Searching for an Alternative: A Brief History of Alternative Rock
‘Alternative rock’ uses somewhat vague terminology.
Rock has a very long history. It’s no wonder why you might not know where the term originated.
Are you someone who loves alternative rock? Do you want to know how it all got started?
Check out this brief history of alternative rock!
What Is Alternative Rock?
Alternative rock originally emerged on the scene in the 1970s. It gained notoriety through the growing underground rock scene in the 1980s.
The word ‘alternative’ emerged from the desire to distinguish itself from mainstream rock. Recently, alternative has attached itself to multiple genres. This has somewhat obscured its original meaning.
At times, alternative music has included any unclassifiable genre of music that breaks into mainstream circles.
The term, however, Originated in punk rock during the 1970s. The band who brought it to fruition was The Velvet Underground.
The Velvet Underground
Before the widespread dissemination of the term alternative rock existed, Velvet Underground pioneered its sound. Their trajectory was what alternative music came to signify.
In the early 1970s, the innovative band’s music didn’t adhere to strict mainstream music business norms. They didn’t operate within the confines of the typical rock group’s blueprint to success.
By the 1980s, a small number of independent music record labels started to form that promoted bands with similar trajectories to Velvet Underground.
These labels weren’t only producing bands that sounded like Velvet Underground. They were producing bands that were dissimilar from what was being heard on the radio.
Alternative songs would occasionally break the mainstream barrier. These infrequent examples of mainstream success were usually accompanied with critical praise from mainstream media publications such as Rolling Stone.
For the most part, however, alternative music was still an underground movement. In large part, they distributed their music with through college radio stations, fanzines, and independent record labels.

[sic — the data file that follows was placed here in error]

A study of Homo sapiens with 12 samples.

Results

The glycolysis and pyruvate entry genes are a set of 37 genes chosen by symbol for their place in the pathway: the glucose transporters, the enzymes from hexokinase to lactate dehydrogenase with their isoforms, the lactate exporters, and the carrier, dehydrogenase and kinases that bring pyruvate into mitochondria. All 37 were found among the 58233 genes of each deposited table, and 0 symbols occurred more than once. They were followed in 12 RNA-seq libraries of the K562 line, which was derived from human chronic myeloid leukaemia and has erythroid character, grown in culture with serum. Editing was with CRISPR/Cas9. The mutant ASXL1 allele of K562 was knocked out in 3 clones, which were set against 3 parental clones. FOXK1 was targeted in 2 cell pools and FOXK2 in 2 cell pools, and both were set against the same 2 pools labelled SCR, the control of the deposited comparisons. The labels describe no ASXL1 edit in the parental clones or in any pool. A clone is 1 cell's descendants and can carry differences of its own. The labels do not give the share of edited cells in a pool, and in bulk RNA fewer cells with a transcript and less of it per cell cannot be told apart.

Bands such as the Violent Femmes and R.E.M began to change this narrative with their brands of rock and roll combining punk and folk. R.E.M. was perhaps the most successful of these early alternative rock groups. Its debut album, Murmur reached top 40 status.
The Late 1980s and 90s
The turning point for alternative music was in the late 1980s. All the different subgenres that rock and roll had spawned were now starting to gain as much notoriety as the mainstream style of rock and roll.
Just a few examples of this shift include Sonic Youth spawning the noise rock genre. Ministry and Nine Inch nails spawned the industrial rock genre. And grunge rock rising in popularity throughout the early to mid-90s.
Alternative rock’s height was reached in the mid-90s with the likes of Nirvana, Jane’s Addiction, and the Red Hot Chili Peppers. Nirvana was perhaps most instrumental in facilitating the transition from hair metal to grunge.
It’s feasible to argue that by the mid-1990s, there was little-to-nothing alternative about alternative rock music. In many regards, it became the mainstream music it was born in opposition to.
The 2000s and 2010s
That argument isn’t to say that alternative rock is dead.
The fracture of traditional music publishing in the early 2000s ushered in the age of the internet. Because of this, alternative rock still has an underground platform.
Now more than ever, interesting rock subgenres can find success through niche markets. They can also break into mainstream audiences without following the mainstream blueprint to success.
An Ongoing Saga
Alternative rock bands still don’t need to conform to the major label commercial success route.
Though alternative rock is alive and well, the term ‘alternative music’ is now growing to encompass other genres, such as hip hop and pop.
Lou Reed should be proud he’s somewhat responsible for the success of so many musicians. In many ways, alternative rock genres gave birth to underground music as a pop culture reference. Kudos to him!